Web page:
The group is calling for a “wide-ranging review of Britain’s constitution”, following claims Theresa May could use the Queen to block Parliament’s will. The vehemently anti-monarchy campaigners claim Brexit has exposed the flaws in the UK’s constitutional system, saying “it serves no purpose but to do the Prime Minister’s bidding”. The group has consistently called for the monarchy to be scrapped and for a new UK Head of State to be installed.
Graham Smith, speaking for Republic, said: “Brexit has shown how the Monarch offers no leadership, no independent voice at a time of crisis.
“And the suggestion the Prime Minister may tell the Queen to block a Parliamentary bill exposes the truth behind the monarchy.
“The Monarch isn’t independent, she is there to do the Government’s bidding, to do as the PM tells her to do.”
Despite Republic’s concerns the Queen will not in fact be able to overrule Brexit despite having the power to stop bills from being passed by Parliament, academic experts have claimed, saying it would be “inconceivable”.
Constitutional experts have analysed the Queen’s role in the beleaguered Brexit process, with mounting concerns Her Majesty could be drawn in to withhold Royal Assent to the Brexit bill.
Lord Pannick, QC, a Times Law columnist, wrote to The Times this week insisting the Queen’s decision to withhold her assent be “utterly without precedent”.
The letter said: “The Queen’s agreement to give her assent to a bill is a formality.
“Given that Brexit is the most politically explosive and divisive issue of our day, the notion of involving the Queen in vetoing a Brexit bill ought to be regarded as inconceivable.”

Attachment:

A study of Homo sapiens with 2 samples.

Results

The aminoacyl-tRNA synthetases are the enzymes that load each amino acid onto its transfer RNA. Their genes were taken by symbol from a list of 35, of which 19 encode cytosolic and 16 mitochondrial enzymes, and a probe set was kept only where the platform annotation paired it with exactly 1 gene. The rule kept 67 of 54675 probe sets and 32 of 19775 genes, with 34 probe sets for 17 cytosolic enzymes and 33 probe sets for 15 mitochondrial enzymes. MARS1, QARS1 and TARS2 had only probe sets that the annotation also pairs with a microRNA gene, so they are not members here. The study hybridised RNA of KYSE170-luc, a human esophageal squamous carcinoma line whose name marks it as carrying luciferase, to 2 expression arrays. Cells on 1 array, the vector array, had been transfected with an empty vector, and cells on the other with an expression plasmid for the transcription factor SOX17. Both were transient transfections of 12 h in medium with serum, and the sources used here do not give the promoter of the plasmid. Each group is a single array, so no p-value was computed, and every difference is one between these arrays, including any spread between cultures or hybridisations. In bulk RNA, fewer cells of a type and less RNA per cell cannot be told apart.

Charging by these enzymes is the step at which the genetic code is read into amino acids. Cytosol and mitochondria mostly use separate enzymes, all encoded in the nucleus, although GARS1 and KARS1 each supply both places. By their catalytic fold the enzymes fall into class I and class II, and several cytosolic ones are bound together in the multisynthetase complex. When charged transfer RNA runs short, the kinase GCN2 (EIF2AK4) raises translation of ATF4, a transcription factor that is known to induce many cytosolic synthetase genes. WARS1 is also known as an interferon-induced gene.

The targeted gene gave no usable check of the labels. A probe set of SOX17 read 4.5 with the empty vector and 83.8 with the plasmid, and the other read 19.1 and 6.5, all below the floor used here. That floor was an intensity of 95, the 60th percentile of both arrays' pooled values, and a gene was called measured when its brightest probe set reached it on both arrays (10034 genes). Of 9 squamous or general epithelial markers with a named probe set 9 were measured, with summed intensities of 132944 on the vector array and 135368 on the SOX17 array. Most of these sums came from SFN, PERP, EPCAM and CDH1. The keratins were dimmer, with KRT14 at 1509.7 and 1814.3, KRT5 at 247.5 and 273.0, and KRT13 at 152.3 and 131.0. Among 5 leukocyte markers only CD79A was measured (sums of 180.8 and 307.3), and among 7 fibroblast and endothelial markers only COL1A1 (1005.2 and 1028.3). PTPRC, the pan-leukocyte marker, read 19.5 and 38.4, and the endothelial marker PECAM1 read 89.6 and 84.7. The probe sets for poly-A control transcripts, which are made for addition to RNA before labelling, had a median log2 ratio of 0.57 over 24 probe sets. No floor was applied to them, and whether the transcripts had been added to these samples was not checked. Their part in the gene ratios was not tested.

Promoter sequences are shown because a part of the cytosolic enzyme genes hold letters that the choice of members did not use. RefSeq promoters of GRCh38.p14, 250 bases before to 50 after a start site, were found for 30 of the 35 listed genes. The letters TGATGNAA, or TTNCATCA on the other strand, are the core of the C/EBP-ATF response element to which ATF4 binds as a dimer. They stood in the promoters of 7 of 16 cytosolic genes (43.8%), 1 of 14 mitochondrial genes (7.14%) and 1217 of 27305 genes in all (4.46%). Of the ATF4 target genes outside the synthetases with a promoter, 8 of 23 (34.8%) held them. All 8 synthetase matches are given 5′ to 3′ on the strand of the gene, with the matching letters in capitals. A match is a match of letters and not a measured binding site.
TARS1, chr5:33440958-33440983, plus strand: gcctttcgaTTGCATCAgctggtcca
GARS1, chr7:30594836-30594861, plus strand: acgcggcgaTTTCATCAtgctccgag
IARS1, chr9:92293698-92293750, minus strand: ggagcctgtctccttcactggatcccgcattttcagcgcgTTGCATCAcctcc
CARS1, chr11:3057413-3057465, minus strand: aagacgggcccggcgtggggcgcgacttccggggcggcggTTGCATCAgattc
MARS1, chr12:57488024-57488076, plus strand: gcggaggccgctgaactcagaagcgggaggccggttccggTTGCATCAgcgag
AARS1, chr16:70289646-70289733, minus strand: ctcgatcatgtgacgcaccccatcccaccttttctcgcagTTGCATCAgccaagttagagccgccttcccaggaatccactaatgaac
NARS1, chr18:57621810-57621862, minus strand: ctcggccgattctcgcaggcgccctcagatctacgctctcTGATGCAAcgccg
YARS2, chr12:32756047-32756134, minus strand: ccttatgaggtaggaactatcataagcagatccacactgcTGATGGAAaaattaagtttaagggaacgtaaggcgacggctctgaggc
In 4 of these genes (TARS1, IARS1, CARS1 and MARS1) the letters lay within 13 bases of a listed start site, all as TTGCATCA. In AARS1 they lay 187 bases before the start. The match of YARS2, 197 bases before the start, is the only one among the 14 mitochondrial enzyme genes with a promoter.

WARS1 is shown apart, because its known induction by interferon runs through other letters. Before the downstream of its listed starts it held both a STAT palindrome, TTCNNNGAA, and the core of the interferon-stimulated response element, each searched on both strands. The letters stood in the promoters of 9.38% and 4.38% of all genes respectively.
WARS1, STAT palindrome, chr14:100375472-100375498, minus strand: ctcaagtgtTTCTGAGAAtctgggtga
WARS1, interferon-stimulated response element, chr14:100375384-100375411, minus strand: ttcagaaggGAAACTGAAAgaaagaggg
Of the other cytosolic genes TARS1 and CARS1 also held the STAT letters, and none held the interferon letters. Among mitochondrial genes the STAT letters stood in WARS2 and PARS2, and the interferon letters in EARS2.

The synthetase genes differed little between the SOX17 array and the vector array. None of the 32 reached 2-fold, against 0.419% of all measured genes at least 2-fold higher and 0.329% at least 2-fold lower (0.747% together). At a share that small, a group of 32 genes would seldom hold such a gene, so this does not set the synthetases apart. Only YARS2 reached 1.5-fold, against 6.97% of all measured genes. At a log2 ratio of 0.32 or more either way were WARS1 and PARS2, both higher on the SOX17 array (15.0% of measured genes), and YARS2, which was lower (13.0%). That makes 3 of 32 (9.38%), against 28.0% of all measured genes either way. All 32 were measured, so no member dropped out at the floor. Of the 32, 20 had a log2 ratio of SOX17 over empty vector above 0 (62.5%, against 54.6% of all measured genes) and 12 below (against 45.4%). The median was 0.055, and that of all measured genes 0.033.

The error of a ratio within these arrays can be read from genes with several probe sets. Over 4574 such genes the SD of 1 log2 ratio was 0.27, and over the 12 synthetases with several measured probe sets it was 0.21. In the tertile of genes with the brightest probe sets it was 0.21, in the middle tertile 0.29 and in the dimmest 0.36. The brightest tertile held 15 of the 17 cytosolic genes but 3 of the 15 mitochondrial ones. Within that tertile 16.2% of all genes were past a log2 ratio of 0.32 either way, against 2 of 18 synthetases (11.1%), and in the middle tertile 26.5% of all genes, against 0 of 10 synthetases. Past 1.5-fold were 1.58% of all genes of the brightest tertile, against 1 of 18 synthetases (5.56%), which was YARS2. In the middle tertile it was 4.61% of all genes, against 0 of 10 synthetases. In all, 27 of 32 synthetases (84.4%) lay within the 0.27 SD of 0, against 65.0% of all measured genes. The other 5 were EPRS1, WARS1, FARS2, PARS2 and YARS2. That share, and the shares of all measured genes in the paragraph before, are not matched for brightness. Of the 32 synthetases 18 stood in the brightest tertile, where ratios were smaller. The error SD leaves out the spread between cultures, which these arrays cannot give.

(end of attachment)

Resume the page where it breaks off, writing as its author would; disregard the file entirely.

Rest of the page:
Railing against his nemesis Mr Smith of Republic argued the nation is seeing a clash between the forces of democracy and the “reality of the constitutional monarchy”.
He said: “Britain is witnessing a clash between the fiction of Parliamentary democracy and the reality of constitutional monarchy.
“In the UK the Crown holds significant power, power exercised on the instruction of the Government.
“If the head of state is to play any role at all, they must be accountable.
“Ireland does this well, as do other European countries.
“The UK is quite capable of electing some to the role of head of state, not to run the country but to exercise constitutional authority.
“Recent reports that lawyers are accusing Parliament of abusing constitutional process, and advocating the Queen take action against our elected MPs should sound alarm bells.”
Even though the Queen retains the power to veto any legislation, the measure has not been used since the reign of Queen Anne, who used it to veto the Scottish Militia Act in 1707.
The Queen has never made her views on Brexit clear publicly as she must be politically neutral as Head of State.
In a speech at Sandringham Women’s Institute last month, Her Majesty called for “common ground”, respecting “different point of views” and “never losing sight of the bigger picture”.
Addressing the crowd, she said: “The continued emphasis on patience, friendship, a strong community-focus and considering the needs of others are as important today as they were when the group was founded all those years ago.
“Of course, every generation faces fresh challenges and opportunities.
“As we look for new answers in the modern age, I for one prefer the tried and tested recipes, like speaking well of each other and respecting different points of view; coming together to seek out the common ground, and never losing sight of the bigger picture.”